Mark Hamilton says...
"Adelaide is a beautiful and livable city. Council should implement an action plan for Adelaide, North Adelaide and the Park Lands, which calls for excellence and beauty. We need to maintain a beautiful city not just one that’s utilitarian. It’s all about our fantastic lifestyle – about preserving, enjoying and building in a sympathetic manner, upon what we have.”
Preserve everything that’s great about North Adelaide, the Square Mile and the Park Lands. Keep the best of the past in terms of Adelaide's heritage buildings and open Park Lands, to use as a foundation stone for our future. It is possible to increase population density in appropriate parts of the CBD, the Square Miles and North Adelaide, while retaining our heritage – it’s just 10% of our buildings after all.
Encourage growth while retaining the livability of our city. This can be done by carefully crafting building height allowances on a street-by-street, property-by-property basis.
Don’t allow rampant development. Rather, allow low to medium scale development where appropriate. Direct new developments to the many under-developed parts of the city. Confine very tall buildings to a tightly defined core of the CBD, to be re-designated Zone X, to avoid a saw-toothed skyline effect.
Take the Rundle Mall precinct to new level of excellence as a place to visit and shop by listing and upgrading all worthy unlisted heritage buildings and uplight them at night. Look to the main shopping streets of Bath in England for a beautiful example.
Adelaide Livability Myth 1: The State Government acts as if preserving our Square Mile and North Adelaide heritage is not in Adelaide’s best interests.
The community strongly disagrees, as we have seen in 2016 with the backlash to the Government's proposed decimation of local heritage listings. Our heritage buildings are only 10% of Adelaide and North Adelaide's built form. That leaves 90% for responsible, livable development.
Adelaide Livability Myth 2: We need unrestricted height limits on Adelaide buildings to attract developers.
Unlimited development rights have in fact widely reduced the city property values of long term city ratepayers and encourage one-off, large-scale developments that increase supply without any increase in demand (so property prices go down) and leave the rest of the city undeveloped. It promotes ‘saw-toothed’ type development.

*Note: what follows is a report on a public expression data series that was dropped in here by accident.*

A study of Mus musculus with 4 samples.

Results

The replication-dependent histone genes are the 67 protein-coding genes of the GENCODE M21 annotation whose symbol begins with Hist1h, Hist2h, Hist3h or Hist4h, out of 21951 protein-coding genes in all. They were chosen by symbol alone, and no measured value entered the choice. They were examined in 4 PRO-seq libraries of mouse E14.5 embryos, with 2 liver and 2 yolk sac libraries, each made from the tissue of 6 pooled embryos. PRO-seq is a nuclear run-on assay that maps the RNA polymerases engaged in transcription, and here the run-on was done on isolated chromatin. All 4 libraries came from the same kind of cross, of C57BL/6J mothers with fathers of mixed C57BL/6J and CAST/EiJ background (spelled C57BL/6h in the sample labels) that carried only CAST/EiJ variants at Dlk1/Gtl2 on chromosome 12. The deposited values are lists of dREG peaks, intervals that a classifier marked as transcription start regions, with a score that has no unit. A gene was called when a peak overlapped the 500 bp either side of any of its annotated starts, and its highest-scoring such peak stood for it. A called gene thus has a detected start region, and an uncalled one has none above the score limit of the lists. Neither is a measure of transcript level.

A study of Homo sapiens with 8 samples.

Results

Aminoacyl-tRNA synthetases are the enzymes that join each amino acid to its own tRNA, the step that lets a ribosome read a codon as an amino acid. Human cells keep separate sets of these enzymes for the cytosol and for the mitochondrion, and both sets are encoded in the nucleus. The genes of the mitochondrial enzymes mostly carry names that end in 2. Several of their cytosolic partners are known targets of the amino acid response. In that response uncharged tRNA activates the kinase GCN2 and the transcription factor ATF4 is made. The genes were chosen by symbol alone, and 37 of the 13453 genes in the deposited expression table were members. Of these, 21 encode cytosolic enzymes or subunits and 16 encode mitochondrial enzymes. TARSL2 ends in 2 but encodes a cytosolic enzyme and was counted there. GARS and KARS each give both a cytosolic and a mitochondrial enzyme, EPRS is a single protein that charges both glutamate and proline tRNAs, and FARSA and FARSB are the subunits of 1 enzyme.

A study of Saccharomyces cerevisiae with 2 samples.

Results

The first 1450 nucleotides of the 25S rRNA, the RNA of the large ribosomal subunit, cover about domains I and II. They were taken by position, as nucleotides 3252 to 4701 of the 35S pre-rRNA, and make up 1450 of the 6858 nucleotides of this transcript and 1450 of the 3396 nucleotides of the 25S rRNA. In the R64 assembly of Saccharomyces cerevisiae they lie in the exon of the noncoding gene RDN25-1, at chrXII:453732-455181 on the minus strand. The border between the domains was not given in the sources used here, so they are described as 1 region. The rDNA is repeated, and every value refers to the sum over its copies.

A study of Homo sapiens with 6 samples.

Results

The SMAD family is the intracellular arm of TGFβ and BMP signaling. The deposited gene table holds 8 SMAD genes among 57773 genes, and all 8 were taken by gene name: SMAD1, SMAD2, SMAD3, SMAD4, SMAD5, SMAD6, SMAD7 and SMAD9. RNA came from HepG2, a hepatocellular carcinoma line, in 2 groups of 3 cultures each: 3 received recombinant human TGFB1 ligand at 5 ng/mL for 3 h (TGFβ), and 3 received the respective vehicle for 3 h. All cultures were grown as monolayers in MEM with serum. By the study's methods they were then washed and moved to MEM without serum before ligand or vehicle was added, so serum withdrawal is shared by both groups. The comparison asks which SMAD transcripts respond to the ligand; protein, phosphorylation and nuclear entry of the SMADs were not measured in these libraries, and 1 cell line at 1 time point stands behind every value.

Adelaide Livability Myth 3: Without development young people get bored and leave for ‘hipper’ cities.
75% of young people who leave Adelaide leave for employment reasons not because they’re bored. (source: The Advertiser 11/12/10) Those that leave are predominantly young professionals chasing a job or more often higher paid, more high profile jobs. P.S. from Mark: They overwhelmingly come back later in life for Adelaide's lifestyle. With globalisation and increased mobility of people, this is a world-wide occurrence. Young people leave London and New York too!
Adelaide Livability Myth 4: The State Government micro-managing the city will make a difference.
The State Government shouldn't try to micro-manage the city. It doesn't have the intimate, highly-detailed knowledge of how the City of Adelaide area works, like Council does. This leads to unfortunate unforeseen outcomes. It should concentrate on running the State and let Council run the city.
Adelaide City Council needs to continue strongly encouraging the State Government to withdraw from council’s areas of expertise of planning policy, development assessment and heritage protection.
Mark thinks that the State Government should concentrate on big picture things like building small scale, smart manufacturing industry; and building the food sector across South Australia to create real jobs.
"All of the State Government Ministers should have a business development role and be continually on a plane overseas selling South Australian goods and services to export markets. Micro-managing the city is a distraction from their responsibilities and is not going to build permanent industry or employment."